For decades, powerful interests have attempted to intimidate and silence public watchdogs, journalists, and advocacy groups by filing meritless lawsuits. This repressive tactic — called “Strategic Lawsuits Against Public Participation” (SLAPPs) — is an abuse of the court system and a violation of the First Amendment rights of those who speak truth to power. Weave News contributor Jana Morgan announces a new initiative designed to push back.



Barre, VT, once an affluent hub of granite exportation, has experienced a dramatic decline in prosperity. Home to an industry that once employed thousands of workers spread between more than sixty manufacturing firms, the Barre Granite Association has dwindled to just over five hundred employees in two dozen firms. The effects of these labor cuts can be observed within the city limits of Barre, which has since fallen into dramatic decay. The downtown and surrounding suburbs are scattered with many rundown storefronts and homes in need of repair. The town is also known to have a severe problem with drugs and poverty.  Adam Marcinkowski explores the history of the Barre Granite Industry and attempts to determine key factors that helped initiated this shift in economic standing.



Though not a global city, Geneva, New York, located in the Finger Lakes region of the state, has become increasingly popular among tourists, entrepreneurs, culinary artists, and young, creative people. In the first installment of our new “Glocal Dispatches” series, Eliza Maher critically analyzes the revitalization of Geneva into a city driven by local businesses, art, music, Hobart and William Smith colleges, and Seneca Lake, and explores the shift to an image-saturated society. However, the shift, often characterized as positive, innovative, and diverse, fails to acknowledge the influence the urban branding will have on the minority groups in Geneva who cannot afford the lifestyle driven by localism.



“We want to honor Lucy Parsons’ legacy, Albert Parsons’ legacy, and the legacy of what brought us this idea that one day, all the workers of the world will unite.” With these words from labor activist and tour guide Larry Spivack, reporter John Collins reflects on a labor history walking tour of Chicago.



"I still felt skepticism when someone told me there was no racism in Massachusetts, even after they had told me the white supremacists I had heard about '[weren’t] a big deal,'” Cordenne Brewster writes in the first entry of Surviving PWIs for POC, a new series from Weave News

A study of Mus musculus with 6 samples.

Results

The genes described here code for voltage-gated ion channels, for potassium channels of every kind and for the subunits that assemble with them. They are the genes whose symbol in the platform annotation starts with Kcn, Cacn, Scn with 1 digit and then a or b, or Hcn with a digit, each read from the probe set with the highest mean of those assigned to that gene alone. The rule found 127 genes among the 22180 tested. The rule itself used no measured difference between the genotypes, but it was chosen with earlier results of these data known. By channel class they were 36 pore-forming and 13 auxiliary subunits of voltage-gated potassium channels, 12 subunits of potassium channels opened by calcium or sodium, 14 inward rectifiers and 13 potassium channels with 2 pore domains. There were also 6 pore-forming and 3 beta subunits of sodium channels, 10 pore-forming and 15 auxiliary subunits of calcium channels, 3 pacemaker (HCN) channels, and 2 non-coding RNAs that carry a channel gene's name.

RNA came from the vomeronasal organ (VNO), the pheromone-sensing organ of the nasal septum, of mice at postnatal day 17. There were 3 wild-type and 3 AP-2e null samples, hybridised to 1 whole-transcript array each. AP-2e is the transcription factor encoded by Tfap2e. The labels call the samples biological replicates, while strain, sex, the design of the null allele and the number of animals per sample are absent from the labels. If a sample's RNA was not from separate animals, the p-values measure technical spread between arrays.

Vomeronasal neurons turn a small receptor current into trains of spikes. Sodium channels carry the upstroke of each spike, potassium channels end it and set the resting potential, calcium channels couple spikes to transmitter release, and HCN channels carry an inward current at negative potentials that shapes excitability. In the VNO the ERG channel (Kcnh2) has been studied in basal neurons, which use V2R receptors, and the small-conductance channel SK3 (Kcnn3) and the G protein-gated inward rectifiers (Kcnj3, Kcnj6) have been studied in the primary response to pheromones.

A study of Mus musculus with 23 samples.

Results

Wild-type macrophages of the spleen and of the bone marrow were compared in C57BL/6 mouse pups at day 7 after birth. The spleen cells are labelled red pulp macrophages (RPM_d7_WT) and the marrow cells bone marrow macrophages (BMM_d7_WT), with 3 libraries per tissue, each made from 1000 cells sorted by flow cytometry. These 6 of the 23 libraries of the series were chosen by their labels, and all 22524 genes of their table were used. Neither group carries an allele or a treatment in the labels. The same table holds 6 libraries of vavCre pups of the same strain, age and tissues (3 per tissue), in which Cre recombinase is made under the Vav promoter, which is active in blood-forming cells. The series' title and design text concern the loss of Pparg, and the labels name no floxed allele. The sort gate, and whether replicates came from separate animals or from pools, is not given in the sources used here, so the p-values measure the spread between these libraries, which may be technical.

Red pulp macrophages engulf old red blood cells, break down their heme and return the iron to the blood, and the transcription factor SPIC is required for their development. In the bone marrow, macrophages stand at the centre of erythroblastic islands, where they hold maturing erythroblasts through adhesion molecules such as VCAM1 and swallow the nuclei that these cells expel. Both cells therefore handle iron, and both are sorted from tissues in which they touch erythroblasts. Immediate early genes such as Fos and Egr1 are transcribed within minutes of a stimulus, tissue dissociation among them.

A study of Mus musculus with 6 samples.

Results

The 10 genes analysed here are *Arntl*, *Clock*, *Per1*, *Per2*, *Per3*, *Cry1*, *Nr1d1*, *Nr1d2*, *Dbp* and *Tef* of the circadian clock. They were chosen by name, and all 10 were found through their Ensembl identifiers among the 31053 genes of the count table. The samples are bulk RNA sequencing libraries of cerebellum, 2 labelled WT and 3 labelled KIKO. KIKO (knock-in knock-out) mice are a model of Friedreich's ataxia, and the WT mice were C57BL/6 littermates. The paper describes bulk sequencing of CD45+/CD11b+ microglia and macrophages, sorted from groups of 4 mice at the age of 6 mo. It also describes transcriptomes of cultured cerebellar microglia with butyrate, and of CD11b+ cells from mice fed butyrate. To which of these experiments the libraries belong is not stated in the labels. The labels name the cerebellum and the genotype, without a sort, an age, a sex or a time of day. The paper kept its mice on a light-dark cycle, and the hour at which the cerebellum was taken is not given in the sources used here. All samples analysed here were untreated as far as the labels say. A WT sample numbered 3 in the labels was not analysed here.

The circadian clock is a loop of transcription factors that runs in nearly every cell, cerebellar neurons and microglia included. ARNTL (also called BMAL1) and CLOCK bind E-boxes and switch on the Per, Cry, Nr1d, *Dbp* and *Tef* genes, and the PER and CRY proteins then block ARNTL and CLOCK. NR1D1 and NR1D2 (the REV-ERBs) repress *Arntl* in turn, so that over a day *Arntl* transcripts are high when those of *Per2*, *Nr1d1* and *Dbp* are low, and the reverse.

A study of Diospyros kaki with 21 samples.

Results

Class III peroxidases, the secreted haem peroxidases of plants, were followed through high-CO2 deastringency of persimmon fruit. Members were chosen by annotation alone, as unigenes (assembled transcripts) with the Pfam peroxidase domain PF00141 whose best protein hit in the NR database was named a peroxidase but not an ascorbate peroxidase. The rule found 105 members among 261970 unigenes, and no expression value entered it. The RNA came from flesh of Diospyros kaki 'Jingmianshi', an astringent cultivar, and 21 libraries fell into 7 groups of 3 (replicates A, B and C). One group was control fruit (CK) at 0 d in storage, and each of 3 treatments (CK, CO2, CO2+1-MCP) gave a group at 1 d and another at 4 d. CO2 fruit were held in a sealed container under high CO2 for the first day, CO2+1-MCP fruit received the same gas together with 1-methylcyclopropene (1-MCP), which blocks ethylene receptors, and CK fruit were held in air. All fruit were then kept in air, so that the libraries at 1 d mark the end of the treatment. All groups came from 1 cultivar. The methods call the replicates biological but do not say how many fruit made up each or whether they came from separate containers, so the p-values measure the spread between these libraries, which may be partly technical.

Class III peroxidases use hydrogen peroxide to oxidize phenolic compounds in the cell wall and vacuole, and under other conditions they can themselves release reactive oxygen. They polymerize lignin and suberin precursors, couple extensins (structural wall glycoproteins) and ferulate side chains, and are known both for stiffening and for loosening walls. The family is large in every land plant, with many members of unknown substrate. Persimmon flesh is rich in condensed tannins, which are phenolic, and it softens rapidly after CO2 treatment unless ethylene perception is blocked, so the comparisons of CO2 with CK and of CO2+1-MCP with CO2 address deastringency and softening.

“In the past, fishing was better, because we could go out 12 nautical miles and no one targeted us,” observes one of the young Gazan fisherman. “Now, it’s only six miles and there’s no fish there.” This basic fact - the literal shrinking of the space within which people in Gaza can engage in fishing without risking harassment and death at the hands of the Israeli military - lies at the core of “Six Miles Out,” a striking new video released on Facebook last week by the We Are Not Numbers project (whose work has been featured previously here on the Weave News site).



Poverty is universal. No matter where in the world, there are always discussions and debates surrounding the poor: individuals who are struggling economically and unable to maintain a comfortable livelihood. But the issue with the term “poverty” itself is that it remains an umbrella term; it moves the conversation away from the specific groups (whether defined by race, religion, ethnicity, or some other category) that make up an “impoverished” population and instead lumps them all together under the general category of “poverty.” This is a problem because different groups have different needs, yet most methods and discussions of poverty alleviation rarely take these distinguishing circumstances into account. In Part IV of her Covering the Margins series, Kali Villarosa investigates how this plays out in news coverage of urban marginalization in Ahmedabad, Indian.



"We’re moving back into a period of time when being a Black academic or a racialized minority in the university is an extremely dangerous occupation. People are threatening our lives because of our research. People are threatening our jobs because of our research." --Dr. Tommy Curry



How do the founding myths of Zionism impact Black populations in Israel today? Jimmy Johnson takes a deep dive into Israeli history and ideology to find out. Part I of III.